Oxford spin out Vaccitech to develop universal flu vaccine

10 May 2016 (Last Updated May 10th, 2016 18:30)

Oxford spin out company Vaccitech is set to develop a universal flu vaccine to improve protection provided by the seasonal flu vaccination.

Oxford spin out company Vaccitech is set to develop a universal flu vaccine to improve protection provided by the seasonal flu vaccination.

Launched with £10m seed investment from Oxford Sciences Innovation, Vaccitech is also developing and testing other vaccines that trigger the immune response required to prevent or treat a range of serious diseases.

Oxford University Jenner Institute team professor Sarah Gilbert said: "Clinical trials of the universal vaccine here in Oxford have shown great promise. The vaccine has proven safe and shown good clinical responses, including enhanced protection against the flu detectable in older adults even one year after vaccination. It has performed well when given with the standard flu vaccine.

"We are planning a Phase IIb, 1,500 patient trial scheduled to begin later in 2016, the next step towards regulatory approval.

"The vaccine has proven safe and shown good clinical responses, including enhanced protection against the flu detectable in older adults even one year after vaccination."

"To create a vaccine that works against every flu virus, we've targeted two proteins inside the virus that do not change, even as the virus mutates the proteins on its surface. This also means the vaccine should work against all human, avian and swine influenza strains."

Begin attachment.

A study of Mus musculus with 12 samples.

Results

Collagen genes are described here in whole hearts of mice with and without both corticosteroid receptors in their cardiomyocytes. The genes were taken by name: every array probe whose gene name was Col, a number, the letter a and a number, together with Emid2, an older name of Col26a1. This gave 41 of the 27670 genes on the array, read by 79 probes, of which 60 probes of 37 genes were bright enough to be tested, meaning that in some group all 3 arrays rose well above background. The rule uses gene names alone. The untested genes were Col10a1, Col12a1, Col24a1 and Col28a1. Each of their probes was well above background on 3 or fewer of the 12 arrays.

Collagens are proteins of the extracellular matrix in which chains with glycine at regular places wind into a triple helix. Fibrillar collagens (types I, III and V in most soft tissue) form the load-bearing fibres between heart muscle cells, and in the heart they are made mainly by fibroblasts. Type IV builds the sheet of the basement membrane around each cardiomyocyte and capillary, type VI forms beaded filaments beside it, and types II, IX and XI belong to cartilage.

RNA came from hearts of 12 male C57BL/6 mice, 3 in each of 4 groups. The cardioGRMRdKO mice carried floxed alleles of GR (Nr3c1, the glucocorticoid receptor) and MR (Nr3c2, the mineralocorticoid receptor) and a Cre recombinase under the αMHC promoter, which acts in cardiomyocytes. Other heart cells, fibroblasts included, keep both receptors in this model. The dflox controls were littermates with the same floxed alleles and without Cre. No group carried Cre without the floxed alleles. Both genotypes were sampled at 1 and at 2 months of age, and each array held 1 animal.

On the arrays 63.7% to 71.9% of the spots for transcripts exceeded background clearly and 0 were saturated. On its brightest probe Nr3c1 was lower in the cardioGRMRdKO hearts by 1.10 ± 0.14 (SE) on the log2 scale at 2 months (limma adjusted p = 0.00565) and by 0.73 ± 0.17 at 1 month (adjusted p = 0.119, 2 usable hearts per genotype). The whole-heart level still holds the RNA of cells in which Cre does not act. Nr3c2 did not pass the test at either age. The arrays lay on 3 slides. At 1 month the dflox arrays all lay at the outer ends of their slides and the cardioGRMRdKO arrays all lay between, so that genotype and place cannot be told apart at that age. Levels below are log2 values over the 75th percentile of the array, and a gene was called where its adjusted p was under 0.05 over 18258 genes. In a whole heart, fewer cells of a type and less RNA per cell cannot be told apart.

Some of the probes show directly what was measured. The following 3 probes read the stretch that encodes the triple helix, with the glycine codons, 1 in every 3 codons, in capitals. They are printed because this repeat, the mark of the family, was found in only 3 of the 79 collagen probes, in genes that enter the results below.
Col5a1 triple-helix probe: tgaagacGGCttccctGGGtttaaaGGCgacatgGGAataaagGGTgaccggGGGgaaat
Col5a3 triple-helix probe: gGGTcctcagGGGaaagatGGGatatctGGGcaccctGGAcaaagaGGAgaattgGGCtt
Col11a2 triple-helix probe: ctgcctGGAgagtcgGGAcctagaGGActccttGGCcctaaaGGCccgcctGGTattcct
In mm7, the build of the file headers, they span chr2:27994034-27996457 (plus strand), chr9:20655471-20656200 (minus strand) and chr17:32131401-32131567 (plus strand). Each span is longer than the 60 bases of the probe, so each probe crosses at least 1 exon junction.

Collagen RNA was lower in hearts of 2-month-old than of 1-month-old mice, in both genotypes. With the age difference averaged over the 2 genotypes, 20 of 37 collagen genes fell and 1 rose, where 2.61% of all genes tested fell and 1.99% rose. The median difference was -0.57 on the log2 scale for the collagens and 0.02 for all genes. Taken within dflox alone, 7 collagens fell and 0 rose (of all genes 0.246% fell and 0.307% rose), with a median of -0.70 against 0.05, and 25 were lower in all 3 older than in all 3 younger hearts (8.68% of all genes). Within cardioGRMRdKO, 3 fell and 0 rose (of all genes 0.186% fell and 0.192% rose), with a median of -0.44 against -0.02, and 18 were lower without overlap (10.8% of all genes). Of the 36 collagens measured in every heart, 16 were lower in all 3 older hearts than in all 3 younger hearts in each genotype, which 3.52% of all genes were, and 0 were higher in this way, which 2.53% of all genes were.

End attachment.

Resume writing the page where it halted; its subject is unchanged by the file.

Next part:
There is currently no single vaccine can give immunity against major flu virus strains. Nearly 250,000 to 500,000 deaths and three to five million cases of severe disease worldwide are recorded due to seasonal outbreaks of flu each year.

Vaccitech is also developing a clinical stage therapeutic vaccine for prostate cancer.

Currently, a Phase I/II study and recruiting subjects in Oxford and other centres is underway to assess safety and efficacy of this vaccine in men with low or intermediate risk prostate cancer.

The spin out company is developing additional pre-clinical programmes for a vaccine for Middle East Respiratory Syndrome (MERS). According to a WHO report, this emerging virus has a 36% mortality rate.